Late 16th and Early 17th Poetry: Ben Jonson

Poems written by Ben Jonson
On my First Son, Still to be Neat, Drink to Me Only with Thine Eyes

Poetic Devices prevalent in Ben Jonson’s Work
Epigram, Parallel Structure, Imagery (sensory imagery), Classical Allusion

Poem’s structure in Ben Jonson’s Work
end-stopped line, speaker, enjambment, regular rhyme

On My First Son
rhyme scheme: aabbccddeeff, 12 lines 1 stanza, in iambic pentameter as well as some rhyme on page. tone: somber, sorrowful, of grief, of lamentation, Jonson is mourning the death of his son at seven years old. Gives metaphor that God lent him his son and it was time to give him back, Wonders why we are sad for people who die, since we should be jealous that they have escaped earthly pain and old age. He calls his son his best work of art and then vows in an epigram to not like something he loves too much, saying you never know when something will be taken away.

Drink to Me Only with Thine Eyes
rhyme scheme: abcbabcb efgfefgf, 16 lines 2 stanzas of 8, some parallel structure. tone: loving and affection, admiration. The speaker wants a woman to look at him lovingly and kiss him, and relates this to drinking to him with her eyes and he is thirsting for his kiss not wine. It is a thirst of the soul and would not trade any other cup for it than hers. he then talks about how he sends a wreath to the girl and she breaths on it and sends it back. He says it smells of her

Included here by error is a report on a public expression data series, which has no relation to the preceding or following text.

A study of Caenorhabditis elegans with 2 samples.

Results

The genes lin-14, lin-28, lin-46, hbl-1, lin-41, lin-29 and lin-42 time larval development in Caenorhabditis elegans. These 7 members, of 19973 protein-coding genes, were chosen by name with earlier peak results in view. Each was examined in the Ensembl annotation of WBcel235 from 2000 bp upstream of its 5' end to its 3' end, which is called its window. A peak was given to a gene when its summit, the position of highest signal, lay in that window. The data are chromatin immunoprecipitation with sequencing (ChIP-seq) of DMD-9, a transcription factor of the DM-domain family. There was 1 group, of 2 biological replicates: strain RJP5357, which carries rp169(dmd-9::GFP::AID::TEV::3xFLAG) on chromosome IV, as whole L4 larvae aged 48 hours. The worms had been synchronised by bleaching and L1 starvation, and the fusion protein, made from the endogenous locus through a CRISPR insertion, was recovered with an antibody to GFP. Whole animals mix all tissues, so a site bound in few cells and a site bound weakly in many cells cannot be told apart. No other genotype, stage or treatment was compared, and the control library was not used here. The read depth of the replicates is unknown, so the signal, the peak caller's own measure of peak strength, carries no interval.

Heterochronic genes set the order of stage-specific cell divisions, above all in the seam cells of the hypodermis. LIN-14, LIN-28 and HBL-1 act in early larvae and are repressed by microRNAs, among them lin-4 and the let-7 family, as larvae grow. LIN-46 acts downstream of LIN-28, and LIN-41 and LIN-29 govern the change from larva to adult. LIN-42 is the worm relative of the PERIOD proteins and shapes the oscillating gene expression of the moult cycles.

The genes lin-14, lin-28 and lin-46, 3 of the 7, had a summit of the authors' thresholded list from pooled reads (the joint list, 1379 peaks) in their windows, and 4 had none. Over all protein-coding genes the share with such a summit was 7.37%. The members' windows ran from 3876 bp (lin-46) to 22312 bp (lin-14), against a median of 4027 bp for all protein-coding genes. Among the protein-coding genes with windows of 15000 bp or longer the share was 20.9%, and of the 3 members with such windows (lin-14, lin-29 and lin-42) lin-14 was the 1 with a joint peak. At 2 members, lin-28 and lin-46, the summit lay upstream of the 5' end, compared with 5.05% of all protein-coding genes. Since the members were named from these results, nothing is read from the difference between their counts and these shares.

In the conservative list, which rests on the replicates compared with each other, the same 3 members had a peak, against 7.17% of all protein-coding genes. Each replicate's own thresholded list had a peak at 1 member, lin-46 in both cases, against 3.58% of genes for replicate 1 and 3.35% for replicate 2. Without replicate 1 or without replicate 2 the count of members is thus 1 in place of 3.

Still to be Neat
rhyme scheme: aabbccddeeff, 12 lines 2 stanzas of 6, lots of parallel structure and rhyming couplets and slant rhyme. tone: the first stanza starts out judgmental and criticizing, than sweet.The speaker says how this woman is dressed elegantly and made up, and how this must hide a personal or physical flaw. Then he says how guys prefer natural look and reject the fake makeup, since it is more appeal if you are natural. Art makes things impure, and they are appealing to the mind but not the heart.